I’m normally not one to get too upset watching sports. I haven’t always been this way, but I’ve seen enough losing over the years both as a fan and working in athletics while in college that I’ve learned to deal with it for the most part. In other words, I’ve accepted that no matter what, your team is going to let you down at some point.
Maybe this is why I wasn’t worried about Charlotte Hornets three game losing streak heading into Friday night. Maybe I’d already accepted the inevitable regression of the team after such a strong start.
But after losing to the Knicks 113-111 in overtime, I was unable to contain myself. The Hornets should not have lost Friday night. Throw aside records, match-ups, injuries, all of it — if you look at the trend of the game, it was all favoring the Hornets heading into the second half. A strong first quarter from both teams gave the Knicks a slight edge, but the Hornets tightened up defensively in the second, and rode into halftime up by four.
Given Charlotte’s strong third quarter play, they were in great position, and with seven minutes to play in the third, they were on the cusp of running away with it. Up 70-57, the Hornets had scored 12 points in the first five minutes of the third. Compared to the rest of the season, it looked like another typical strong quarter. For the remaining seven, however, they would score just four points, while New York poured in 22 to take a 79-74 lead heading into the fourth.
So what happened? Poor offensive decision making, a lack of ball movement, and sloppy play gave New York the inch they needed to comeback and tie the game in a four minute span. Walker would turn the ball over twice in less than 30 seconds, followed by a turnover by Nicolas Batum a minute later. Turnovers can often swing momentum, and New York capitalized by scoring off them. Charlotte committed 13 in the game, but six of them came in the third quarter.
Carmelo Anthony was certainly a factor as well -- his 11 points in the third lead New York’s comeback. But Charlotte responded to Melo’s hot streak by forcing up outside shots early in the shot clock instead of breaking down New York defensively by moving the ball and getting to the hoop. Here’s the team’s third quarter shot chart:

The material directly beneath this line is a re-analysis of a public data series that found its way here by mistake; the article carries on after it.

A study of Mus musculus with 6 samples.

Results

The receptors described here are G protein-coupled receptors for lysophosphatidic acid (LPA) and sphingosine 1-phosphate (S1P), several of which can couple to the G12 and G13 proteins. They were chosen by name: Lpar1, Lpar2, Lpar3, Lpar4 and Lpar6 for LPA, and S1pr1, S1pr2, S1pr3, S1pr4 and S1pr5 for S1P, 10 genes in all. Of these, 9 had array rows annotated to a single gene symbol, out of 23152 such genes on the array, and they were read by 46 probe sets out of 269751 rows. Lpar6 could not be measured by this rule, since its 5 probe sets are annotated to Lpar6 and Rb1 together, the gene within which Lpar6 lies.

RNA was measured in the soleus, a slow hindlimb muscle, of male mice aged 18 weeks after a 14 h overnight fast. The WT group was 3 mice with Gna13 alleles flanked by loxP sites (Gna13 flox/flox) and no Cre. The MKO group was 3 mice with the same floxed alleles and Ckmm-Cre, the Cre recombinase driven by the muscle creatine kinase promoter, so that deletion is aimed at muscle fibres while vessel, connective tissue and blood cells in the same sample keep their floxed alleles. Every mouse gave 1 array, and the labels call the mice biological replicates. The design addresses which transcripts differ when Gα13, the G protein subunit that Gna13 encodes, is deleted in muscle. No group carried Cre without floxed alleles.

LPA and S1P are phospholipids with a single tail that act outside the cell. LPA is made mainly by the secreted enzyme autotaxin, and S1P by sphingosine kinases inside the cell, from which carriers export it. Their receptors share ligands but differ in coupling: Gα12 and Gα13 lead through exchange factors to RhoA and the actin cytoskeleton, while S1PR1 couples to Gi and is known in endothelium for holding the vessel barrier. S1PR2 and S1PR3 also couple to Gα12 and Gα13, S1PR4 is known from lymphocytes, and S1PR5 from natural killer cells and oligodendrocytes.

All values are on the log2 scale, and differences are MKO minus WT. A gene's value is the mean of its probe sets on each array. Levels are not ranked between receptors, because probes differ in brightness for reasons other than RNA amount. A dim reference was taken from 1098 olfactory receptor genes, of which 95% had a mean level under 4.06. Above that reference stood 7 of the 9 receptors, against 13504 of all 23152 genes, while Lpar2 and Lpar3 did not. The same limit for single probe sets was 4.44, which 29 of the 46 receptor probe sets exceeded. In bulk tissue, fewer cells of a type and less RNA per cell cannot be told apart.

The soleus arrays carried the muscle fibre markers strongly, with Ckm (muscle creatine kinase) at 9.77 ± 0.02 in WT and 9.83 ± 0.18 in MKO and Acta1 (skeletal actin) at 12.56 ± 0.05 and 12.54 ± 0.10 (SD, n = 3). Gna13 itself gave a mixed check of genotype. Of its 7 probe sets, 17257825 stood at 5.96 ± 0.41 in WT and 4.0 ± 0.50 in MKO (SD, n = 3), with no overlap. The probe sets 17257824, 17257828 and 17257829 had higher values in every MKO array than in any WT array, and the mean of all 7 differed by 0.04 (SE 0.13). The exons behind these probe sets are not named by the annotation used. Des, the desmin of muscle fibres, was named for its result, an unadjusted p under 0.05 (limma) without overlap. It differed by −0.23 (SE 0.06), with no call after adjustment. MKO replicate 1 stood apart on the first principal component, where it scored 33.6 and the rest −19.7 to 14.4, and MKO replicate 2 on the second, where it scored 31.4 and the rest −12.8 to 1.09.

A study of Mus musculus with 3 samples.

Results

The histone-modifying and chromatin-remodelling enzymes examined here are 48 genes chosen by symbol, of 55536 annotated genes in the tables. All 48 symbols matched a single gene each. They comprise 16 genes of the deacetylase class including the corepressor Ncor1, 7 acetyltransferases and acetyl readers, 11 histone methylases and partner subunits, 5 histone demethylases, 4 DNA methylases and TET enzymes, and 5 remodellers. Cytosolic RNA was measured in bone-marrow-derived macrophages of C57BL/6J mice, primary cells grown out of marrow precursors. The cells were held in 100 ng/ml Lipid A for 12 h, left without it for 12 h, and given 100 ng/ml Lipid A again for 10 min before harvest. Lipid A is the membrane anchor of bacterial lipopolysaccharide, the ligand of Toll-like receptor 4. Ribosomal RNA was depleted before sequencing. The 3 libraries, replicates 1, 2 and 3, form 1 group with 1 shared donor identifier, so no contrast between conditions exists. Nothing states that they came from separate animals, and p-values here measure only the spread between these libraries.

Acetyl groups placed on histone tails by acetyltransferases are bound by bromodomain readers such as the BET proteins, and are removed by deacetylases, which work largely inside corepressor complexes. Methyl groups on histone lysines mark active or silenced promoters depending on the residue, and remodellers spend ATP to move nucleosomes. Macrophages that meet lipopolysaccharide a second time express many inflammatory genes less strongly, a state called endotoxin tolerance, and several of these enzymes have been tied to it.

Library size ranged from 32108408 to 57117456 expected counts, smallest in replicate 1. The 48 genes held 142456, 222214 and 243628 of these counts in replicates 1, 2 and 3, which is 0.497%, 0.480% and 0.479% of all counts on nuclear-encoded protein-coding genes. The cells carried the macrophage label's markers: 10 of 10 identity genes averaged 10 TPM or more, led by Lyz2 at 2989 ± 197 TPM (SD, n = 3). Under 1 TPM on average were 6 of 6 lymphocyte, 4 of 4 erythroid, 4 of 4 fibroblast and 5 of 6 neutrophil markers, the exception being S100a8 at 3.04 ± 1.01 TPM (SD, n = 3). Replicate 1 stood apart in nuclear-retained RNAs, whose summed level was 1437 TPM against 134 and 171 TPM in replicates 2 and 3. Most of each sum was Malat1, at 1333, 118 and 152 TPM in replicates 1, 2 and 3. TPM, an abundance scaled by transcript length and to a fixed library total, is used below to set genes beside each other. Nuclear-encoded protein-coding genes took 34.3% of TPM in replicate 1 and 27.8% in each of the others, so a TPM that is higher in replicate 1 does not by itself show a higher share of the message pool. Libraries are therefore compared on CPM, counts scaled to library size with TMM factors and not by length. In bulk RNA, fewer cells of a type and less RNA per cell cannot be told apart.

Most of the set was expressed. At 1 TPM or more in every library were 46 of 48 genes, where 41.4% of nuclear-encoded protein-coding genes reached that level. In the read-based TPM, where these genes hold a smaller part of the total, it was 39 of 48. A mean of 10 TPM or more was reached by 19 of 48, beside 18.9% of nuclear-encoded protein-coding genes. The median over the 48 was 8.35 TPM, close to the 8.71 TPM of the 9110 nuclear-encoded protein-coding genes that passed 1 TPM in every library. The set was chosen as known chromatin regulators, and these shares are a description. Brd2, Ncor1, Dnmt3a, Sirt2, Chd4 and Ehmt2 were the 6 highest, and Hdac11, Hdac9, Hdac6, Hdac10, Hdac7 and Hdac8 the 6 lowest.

What’s obviously noticeable is that Charlotte made no shots from outside the paint. This is concerning no matter the situation, but many of these shots fell right into what New York wanted. In the first five minutes of the third, Charlotte focused on a lot of screen and roll action, and looked for the roll man cutting to the basket. Cody Zeller benefited from this in the first half, and did so again at the beginning of the second half off a feed from Batum. However, a few turnovers lead to easy buckets on the other end, and Charlotte got caught up in the need to get the points right back by getting up the first shot available. During that seven minute span, Charlotte made just one field goal, a layup by Zeller, and shot just 1-8.
Factored in all of this was the loss of Marvin Williams, who hyper extended his knee just as Charlotte was pushing away. They missed his presence the rest of the game, but I refuse to point to the loss of one player as reason for Charlotte’s poor execution (the exception being Walker). Poor free throw shooting also factored in as well. Charlotte missed three in the third quarter, and they came while still holding the lead.
That said, this is now the second double-digit lead blown by the Hornets in four games. As the Hornets have found ways to come back from large deficits throughout the season, they need to do a better job of holding significant leads. They’ve only won by significant margins twice this season, and have lost a few when holding leads in the second half. If a top four playoff spot is the goal, they’ve got to be able to put teams away when they’re in position to do so.